Friday, February 1, 2013
Just one man. . .
Yet, it is remarkable what one individual can do when the focus is outward, when the cause is the larger work of the kingdom, and when that individual feels personally the burdens of others in need. The holidays always bring with them human interest stories of individuals or children who rally the rest of us to a noble cause. For the Lutheran Church, we have our own individuals who have stood larger than life. Henry Melchior Muhlenberg for some and for my own church, Johann Konrad Wilhelm Loehe.
Dr. C.F.W. Walther said of Loehe: “Next to God it is Pastor Loehe whom our synod must almost solely thank for the happy increase and rapid strengthening in which it rejoices; it must rightly honor him as its real spiritual father.” Imagine that -- one man who never ever visited America is both the physical and spiritual father of the Lutheran Church-Missouri Synod!
I borrow a paragraph from Pr Paul McCain.
Although he never left Germany, Johann Konrad Wilhelm Loehe, born in Fuerth in 1808, had a profound impact on the development of Lutheranism in North America. Serving as pastor in the Bavarian village of Neuendettelsau, he recognized the need for workers in developing lands and assisted in training emergency helpers to be sent as missionary pastors to North America, Brazil, and Australia. A number of the men he sent to the United States became founders of The Lutheran Church–Missouri Synod. Through his financial support, a theological school was established in Fort Wayne, Ind., and a teachers’ institute in Saginaw, Mich. Loehe was known for his confessional integrity and his interest in liturgy and catechetics. His devotion to works of Christian charity led to the establishment of a deaconess training house and homes for the aged. Löhe, through study and reading of the classic sources of Lutheran theology: Scripture, the Confessions, Luther and the orthodox dogmaticians, reclaimed a deep love for the Lutheran Confessions, the liturgy and the chuch’s sacramental life and call to works of mission and charity. He was an ardent advocate of the primary place of the Small Catechism in the life of the Lutheran congregation, school and home and is perhaps most well known among us today as a catechist and founder of the Lutheran deaconess movement. I can only add to this that he produced a liturgy and agenda that has had profound impact upon the way Lutherans worship even to this present day!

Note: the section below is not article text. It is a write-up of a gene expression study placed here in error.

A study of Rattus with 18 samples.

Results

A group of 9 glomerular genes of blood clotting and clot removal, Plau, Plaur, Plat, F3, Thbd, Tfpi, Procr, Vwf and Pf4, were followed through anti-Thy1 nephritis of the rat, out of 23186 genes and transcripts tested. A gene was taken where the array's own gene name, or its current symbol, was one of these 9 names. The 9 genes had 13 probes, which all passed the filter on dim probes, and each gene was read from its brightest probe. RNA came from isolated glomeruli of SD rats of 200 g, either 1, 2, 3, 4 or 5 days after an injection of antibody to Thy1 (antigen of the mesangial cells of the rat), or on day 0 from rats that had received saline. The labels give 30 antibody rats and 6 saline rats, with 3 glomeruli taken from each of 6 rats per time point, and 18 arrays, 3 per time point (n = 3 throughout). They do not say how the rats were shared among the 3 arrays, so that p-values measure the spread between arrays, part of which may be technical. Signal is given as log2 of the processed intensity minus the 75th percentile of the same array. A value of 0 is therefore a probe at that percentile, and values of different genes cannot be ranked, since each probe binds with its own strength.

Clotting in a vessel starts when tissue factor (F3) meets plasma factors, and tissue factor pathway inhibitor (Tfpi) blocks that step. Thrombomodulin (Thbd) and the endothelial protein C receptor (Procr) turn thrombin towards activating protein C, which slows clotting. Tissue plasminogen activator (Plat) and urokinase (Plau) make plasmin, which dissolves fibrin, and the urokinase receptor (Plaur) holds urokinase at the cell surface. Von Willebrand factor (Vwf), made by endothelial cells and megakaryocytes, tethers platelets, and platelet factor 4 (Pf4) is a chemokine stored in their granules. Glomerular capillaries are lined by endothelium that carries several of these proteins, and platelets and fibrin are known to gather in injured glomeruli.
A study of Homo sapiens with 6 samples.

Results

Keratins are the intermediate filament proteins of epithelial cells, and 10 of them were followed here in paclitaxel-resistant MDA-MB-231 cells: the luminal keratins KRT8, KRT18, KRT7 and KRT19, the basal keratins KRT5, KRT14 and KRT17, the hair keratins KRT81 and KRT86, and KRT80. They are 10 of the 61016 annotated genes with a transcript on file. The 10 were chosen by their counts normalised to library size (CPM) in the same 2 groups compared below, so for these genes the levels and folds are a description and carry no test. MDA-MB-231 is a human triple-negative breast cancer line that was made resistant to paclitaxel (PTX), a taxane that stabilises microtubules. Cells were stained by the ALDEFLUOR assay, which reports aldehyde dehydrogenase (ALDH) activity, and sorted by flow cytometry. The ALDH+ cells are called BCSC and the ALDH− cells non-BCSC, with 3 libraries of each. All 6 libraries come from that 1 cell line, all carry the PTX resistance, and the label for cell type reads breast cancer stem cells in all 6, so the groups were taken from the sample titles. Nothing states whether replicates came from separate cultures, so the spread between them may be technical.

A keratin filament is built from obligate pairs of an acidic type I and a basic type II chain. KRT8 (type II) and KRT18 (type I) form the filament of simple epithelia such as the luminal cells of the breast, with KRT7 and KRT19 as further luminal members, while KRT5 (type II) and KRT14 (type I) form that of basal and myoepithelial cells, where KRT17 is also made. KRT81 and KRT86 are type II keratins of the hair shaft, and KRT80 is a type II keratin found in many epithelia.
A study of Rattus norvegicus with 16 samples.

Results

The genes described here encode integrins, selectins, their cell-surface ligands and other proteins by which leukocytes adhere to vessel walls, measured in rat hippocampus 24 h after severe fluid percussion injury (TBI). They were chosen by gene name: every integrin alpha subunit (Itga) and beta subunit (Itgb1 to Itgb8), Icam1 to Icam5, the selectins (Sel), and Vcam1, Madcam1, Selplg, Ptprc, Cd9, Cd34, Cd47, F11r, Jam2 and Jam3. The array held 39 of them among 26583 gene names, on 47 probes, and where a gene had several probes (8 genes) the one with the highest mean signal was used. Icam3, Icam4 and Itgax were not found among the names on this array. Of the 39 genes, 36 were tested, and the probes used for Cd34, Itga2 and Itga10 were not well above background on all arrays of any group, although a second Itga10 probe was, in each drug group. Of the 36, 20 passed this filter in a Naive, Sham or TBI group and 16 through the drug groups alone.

My point here is not merely to laud Loehe but to point out what one individual can do. Imagine what he might have been able to accomplish had he the benefit of the technology, communication, and travel resources we take for granted! Do not discount what you can do for the good and noble cause of the Lord and His work! Instead of allowing the culture and trends of society to isolate us, we need to utilize these resources in our day to do the same kind of work that Loehe did a couple of centuries ago. We can make a difference. We do have opportunities. We have resources. The only question is whether or not we have the will and courage to put these into effect!